I like to think that I'm a woman who lives life on her own terms. With passion and courage. Certainly the evidence points in that direction. I gave up a lucrative job on Wall Street and moved to California to heal my body and my life. Now, I work as a coach to help others do the same. Having worked so hard to restore health and balance to my life, you might think that's what I'm most grateful for. But, surprisingly, what I'm most thankful for these days is something I've been running from my whole life: Loneliness.
I'm thankful for loneliness because I finally stopped running and opened the door to my heart and gave it a space of its own. I've embraced it. And because I've treated it with respect instead of loathing borne of fear, it has shared its secrets and its gift with me -- and what girl isn't grateful for secrets and a gift that's perfect for her?
I can almost see your eyebrows arching in disbelief. "Loneliness? A gift? This girl is crazy." It won't be the first time someone has called me crazy, and I'm sure it won't be the last. But I hope you'll hear me out. Because the truth is, loneliness bears a perfect gift for each of us.
Most of us never get the gift because we're not willing to sit with our loneliness. We fill the void with Facebook, Twitter and Instagram, reality TV and gossip about celebrities or maybe about our neighbors or co-workers. We combat loneliness with sex, food and alcohol. But we can't outrun loneliness or successfully hide from it because it's an integral part of us; it's hardwired into us. Without it, we forget to seek true intimacy with others but, most importantly, a deeper connection to our own spirituality. It is loneliness that makes us ask the most important questions about our life's purpose and mission, and to listen closely for the answers. I'm thankful to have learned this, even if I've had to learn it the hard way.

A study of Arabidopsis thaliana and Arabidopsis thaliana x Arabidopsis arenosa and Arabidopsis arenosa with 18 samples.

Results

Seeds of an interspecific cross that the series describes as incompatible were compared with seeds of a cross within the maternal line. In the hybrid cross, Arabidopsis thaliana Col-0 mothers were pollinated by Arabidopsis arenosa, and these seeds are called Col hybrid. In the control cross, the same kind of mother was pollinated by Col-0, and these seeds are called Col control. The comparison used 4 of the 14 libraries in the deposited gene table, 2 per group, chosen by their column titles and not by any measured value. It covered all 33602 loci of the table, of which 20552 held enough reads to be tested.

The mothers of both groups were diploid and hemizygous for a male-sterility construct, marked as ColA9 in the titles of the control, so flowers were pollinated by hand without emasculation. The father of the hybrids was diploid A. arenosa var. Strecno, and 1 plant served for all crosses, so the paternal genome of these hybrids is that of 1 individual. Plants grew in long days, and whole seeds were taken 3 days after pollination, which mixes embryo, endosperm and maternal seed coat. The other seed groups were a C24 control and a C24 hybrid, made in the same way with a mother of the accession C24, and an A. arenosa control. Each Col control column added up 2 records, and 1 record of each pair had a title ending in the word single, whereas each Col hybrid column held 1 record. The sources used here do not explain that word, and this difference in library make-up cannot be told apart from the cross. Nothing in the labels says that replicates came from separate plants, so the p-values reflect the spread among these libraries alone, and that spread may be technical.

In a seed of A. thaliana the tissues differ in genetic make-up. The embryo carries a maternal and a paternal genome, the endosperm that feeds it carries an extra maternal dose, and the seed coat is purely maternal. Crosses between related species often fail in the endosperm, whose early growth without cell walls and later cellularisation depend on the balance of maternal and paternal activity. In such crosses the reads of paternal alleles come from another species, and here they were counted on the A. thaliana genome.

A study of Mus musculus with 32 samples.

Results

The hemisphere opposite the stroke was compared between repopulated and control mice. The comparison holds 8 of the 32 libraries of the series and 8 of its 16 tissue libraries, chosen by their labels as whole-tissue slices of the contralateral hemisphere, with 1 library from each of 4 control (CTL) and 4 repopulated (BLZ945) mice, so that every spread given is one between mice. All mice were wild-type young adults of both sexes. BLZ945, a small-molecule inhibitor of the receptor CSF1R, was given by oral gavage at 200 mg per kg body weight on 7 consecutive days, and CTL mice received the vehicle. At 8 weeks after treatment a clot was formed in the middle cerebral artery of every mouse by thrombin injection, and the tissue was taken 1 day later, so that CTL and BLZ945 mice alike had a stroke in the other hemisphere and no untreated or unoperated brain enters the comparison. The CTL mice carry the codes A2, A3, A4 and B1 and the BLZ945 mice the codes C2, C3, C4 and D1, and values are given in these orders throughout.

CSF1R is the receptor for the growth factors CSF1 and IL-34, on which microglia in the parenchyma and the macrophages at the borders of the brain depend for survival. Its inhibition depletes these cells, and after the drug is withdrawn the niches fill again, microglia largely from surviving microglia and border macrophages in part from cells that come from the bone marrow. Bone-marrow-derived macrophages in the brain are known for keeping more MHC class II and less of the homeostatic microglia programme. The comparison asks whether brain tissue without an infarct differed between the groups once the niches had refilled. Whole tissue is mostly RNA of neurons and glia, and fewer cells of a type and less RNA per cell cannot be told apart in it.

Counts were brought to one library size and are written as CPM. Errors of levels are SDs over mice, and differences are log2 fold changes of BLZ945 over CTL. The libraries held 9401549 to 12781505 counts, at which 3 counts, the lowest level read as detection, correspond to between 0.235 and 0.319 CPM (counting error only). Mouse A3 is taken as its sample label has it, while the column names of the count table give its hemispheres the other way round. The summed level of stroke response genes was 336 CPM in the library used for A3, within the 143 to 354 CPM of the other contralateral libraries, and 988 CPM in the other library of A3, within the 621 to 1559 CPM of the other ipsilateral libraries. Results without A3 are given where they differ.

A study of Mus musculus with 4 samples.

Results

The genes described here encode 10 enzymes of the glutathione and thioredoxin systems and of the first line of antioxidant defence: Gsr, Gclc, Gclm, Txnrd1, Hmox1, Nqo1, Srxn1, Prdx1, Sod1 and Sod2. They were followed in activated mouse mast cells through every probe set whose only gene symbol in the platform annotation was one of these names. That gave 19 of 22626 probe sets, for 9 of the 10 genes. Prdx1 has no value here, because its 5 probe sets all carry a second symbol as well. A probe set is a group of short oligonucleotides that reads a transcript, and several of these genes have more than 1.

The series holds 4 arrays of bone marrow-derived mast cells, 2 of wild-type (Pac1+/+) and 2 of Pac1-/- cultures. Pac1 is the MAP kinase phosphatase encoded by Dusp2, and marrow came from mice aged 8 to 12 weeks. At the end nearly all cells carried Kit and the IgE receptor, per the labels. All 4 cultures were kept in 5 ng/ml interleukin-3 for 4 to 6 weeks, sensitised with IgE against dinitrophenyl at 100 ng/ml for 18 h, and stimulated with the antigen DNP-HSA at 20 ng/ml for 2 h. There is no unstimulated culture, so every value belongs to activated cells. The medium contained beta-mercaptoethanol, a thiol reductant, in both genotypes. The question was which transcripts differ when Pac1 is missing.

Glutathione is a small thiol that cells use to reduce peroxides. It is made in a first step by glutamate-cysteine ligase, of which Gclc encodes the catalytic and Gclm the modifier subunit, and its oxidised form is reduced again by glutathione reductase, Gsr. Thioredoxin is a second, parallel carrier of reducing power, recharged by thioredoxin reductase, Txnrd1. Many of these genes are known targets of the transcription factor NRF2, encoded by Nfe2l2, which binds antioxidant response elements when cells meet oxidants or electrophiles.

When I moved across the country, I left behind more than a beautiful apartment, a well-paying job, my friends and my family. I also left behind a series of failed romances. Being single in a couple's world carries a loneliness that most everyone can understand. Being half of a couple and still feeling lonely is so much worse, as anyone who has experienced it will tell you.
Ultimately, many of my relationships dissolved because I felt lonely even when I was with the man I hoped was "The One." I didn't feel seen. Women, especially, are socialized to believe that the right relationship will fulfill us -- with the right partner, we will never feel lonely again. I believed this. But moving away from my friends and my family to a community where I was a stranger -- being without a significant other and without the routine of an office job -- put me into contact with loneliness in a way I never had experienced it before. Since loneliness was my only constant companion, I began to treat it as a friend.
Remember the story of Dorothy Gale and the Wizard of Oz? How Dorothy learned that what she had traveled so far to find was actually in the back yard of Auntie Em's farm in Kansas all along? It was like that for me. Loneliness was my Wizard of Oz -- and my heart was Kansas. The Great and Powerful Oz of Loneliness, the thing I had feared and dreaded all of my adult life was, upon close inspection, much smaller and more vulnerable than I had imagined. It pointed me in the right direction. It led me to my truest home: my own heart and soul.
Loneliness helped me to understand that I often felt invisible in relationships because I was hiding from myself. This hiding was in part by default. Life is hectic -- we have jobs, families, friends, chores and hobbies -- it's easy to get lost in the noise. Moving to a place where I had none of my usual distractions took care of that. Unfortunately, that meant that I had to deal with the things I'd been hiding by design. I had to admit that some of my hectic pace was because I didn't want to be alone with myself.
I'm not sure why, because loneliness led me to the best friend I've ever known: I discovered my authentic self.
I still cherish my family and friends, I still look forward to being a wife and mother but loneliness has taught me that my most important connection is to my spirit. And for this, I will always be thankful.
This blog post is part of a series for HuffPost Gratitude, entitled 'The One Thing I'm Most Thankful For.' To see all the other posts in the series, click here To contribute, submit your 500 - 800 word blogpost to email@example.com.